I have been thinking a lot about writing lately. Sometimes it can be easy to get caught up in a story, so much that you don't even know notice if it is well or badly written. I was talking to a friend about Mockingjay by Suzanne Collins yesterday, and I admitted that the first time through, I probably only read about 1/3 of the words. I was flipping pages at a frantic rate to find out what happened, who would live, and who wouldn't make it to the last page. There wasn't time to read descriptions or dialogue when lives were at stake! Of course, I went back and reread the book (every word) and loved it! But it got me thinking about writing. What makes books great, is it just the story, is it just the writing? I give you two examples of books I have read and my reactions to the writing:
Twilight by Stephenie Meyer Now if you have read this blog at all, you know I am not a fan of Twilight. In fact, I can barely stand it. But I will admit that when I first heard the story I was intrigued. It sounded like a good plot. But to me, those books are so horribly written I couldn't finish the series. Too many florid descriptions of marble-like chins and glittery foreheads for this reader. But I was honestly interested in the movies, because I figured that if you could condense the story into two hours, you might actually have something enjoyable (boy was I wrong).
Twilight is my example of a great idea, that was poorly executed. I have read books very much like Twilight (girl falls in love with paranormal boy/beast) and really enjoyed them. Now, everyone is different, and I am sure there are those that will argue that Twilight is a shining example of American prose, but I will never believe you. It is one of the few times when I could have done with the Reader's Digest Abridged versions of a book.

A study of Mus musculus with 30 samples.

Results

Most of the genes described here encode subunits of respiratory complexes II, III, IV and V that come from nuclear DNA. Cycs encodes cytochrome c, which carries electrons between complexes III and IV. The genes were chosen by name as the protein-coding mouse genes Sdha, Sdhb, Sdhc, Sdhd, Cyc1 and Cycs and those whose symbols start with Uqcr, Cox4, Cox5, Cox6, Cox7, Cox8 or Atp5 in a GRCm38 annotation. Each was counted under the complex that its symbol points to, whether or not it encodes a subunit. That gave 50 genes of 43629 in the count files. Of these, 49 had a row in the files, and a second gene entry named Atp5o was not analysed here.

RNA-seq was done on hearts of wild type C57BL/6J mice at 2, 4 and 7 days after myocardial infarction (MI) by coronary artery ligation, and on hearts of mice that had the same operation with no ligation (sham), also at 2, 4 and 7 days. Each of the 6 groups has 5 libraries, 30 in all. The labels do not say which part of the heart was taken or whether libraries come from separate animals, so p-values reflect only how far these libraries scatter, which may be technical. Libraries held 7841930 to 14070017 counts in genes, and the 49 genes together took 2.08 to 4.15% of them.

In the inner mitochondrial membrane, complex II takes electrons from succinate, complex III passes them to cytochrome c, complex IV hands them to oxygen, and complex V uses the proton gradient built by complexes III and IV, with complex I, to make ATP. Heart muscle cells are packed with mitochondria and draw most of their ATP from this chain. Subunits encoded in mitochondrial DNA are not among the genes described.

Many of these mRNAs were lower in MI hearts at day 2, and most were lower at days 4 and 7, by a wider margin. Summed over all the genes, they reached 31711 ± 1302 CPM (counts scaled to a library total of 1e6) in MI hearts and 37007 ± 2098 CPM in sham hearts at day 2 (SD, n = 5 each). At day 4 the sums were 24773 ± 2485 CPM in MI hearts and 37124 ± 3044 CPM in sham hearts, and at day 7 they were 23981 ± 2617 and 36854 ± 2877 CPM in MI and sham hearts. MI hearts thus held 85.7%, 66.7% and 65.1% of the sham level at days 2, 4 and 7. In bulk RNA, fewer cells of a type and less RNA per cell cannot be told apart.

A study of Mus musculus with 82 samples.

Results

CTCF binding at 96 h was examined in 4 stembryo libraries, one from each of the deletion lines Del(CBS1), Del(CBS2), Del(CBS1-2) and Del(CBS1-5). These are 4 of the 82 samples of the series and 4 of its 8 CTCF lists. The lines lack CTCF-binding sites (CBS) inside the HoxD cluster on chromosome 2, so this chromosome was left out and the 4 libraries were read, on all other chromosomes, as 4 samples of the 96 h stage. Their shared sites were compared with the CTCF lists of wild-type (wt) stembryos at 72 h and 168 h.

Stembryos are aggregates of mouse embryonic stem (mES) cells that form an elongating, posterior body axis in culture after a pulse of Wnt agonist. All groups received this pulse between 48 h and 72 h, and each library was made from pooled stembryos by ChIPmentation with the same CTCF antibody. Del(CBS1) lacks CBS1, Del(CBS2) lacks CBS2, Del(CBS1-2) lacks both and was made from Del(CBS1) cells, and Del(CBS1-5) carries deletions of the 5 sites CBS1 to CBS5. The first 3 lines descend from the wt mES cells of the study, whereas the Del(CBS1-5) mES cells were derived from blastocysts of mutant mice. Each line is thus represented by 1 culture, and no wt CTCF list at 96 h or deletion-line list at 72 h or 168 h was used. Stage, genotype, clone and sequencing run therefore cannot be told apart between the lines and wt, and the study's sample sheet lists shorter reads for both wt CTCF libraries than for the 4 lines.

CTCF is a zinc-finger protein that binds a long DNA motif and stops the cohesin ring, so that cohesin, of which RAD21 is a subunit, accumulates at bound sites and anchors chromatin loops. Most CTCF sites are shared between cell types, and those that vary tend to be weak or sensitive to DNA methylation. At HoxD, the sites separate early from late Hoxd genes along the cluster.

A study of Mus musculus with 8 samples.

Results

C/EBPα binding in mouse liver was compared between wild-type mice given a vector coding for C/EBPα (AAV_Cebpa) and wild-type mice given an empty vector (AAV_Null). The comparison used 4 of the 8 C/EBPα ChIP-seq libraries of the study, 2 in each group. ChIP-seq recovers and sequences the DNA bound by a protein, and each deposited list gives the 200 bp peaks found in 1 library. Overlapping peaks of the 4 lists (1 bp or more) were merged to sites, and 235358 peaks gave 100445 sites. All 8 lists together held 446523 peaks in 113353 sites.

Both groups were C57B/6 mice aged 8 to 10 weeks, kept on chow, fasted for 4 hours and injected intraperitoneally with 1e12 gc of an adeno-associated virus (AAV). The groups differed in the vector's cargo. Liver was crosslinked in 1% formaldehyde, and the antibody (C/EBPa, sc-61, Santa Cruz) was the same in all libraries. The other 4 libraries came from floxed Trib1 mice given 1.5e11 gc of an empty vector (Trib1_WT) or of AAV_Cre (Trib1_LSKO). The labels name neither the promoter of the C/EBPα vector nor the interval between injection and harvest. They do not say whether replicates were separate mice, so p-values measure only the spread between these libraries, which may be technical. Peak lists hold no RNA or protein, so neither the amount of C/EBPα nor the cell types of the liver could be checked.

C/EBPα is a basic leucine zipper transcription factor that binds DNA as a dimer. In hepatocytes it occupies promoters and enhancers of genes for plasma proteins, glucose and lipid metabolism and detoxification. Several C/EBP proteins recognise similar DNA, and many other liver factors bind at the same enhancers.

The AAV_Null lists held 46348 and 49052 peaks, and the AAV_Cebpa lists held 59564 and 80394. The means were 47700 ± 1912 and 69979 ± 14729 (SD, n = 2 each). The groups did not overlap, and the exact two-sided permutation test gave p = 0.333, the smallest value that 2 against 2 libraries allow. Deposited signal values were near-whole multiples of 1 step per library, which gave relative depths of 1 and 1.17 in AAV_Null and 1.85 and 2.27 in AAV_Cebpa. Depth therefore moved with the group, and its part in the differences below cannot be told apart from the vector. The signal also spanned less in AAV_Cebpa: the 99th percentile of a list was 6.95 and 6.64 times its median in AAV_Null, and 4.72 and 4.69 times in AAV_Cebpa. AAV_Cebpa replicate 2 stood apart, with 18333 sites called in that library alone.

Nothing by Janne Teller In case you aren't familiar with the book here is a very (very) brief synopsis: A young boy has a revelation at school in Denmark, nothing really matters. He drops out of school and taunts his former classmates with the meaninglessness of their lives until they decide to band together to prove him wrong. This plot summary would probably not entice me to pick up the book, but it won an award, so I found myself reading it one weekend afternoon...and loved it! I am normally not a fan of the existential let's-make-the-reader-think type books, but I couldn't put this one down. All because it was so well written. I can't even tell you what the author did to make it so beautiful, but it was like reading a unicorn on top of a double rainbow. I can't describe it any other way. It is short and sweet with everything you need and nothing more. A great example of writing bring a story to life. All of this has made me think about writing. What is it that makes something well written? How do authors do what they do? I am not a writer by any stretch of the imagination, but a good book can inspire to dream sometimes (luckily reality kicks shortly thereafter so that no one is pained with reading some horrible story I have tried to write). I greatly admire those that have the talent and drive to write and for those of you who are trying, I have two books to suggest.
First, On Writing by Stephen King. A short disclaimer: I am not suggesting that you need to be a drug abusing alcoholic (and neither does King) to be a good writer. His book is full of practical tips for writers of all ages. It also includes some great stories about how his best sellers have come about, and his history as an author.
Second, What It Is by Lynda Barry. This book made me think that I could become a writer, so imagine what it could do for someone who actually has the talent to write! It is part autobiography of a writer and artist, part writing exercises and tips for those looking to practice the craft. Both beautiful and helpful, this book is doubly awesome.
Good luck with your writing, I hope that when you publish your first best seller you dedicate it to me!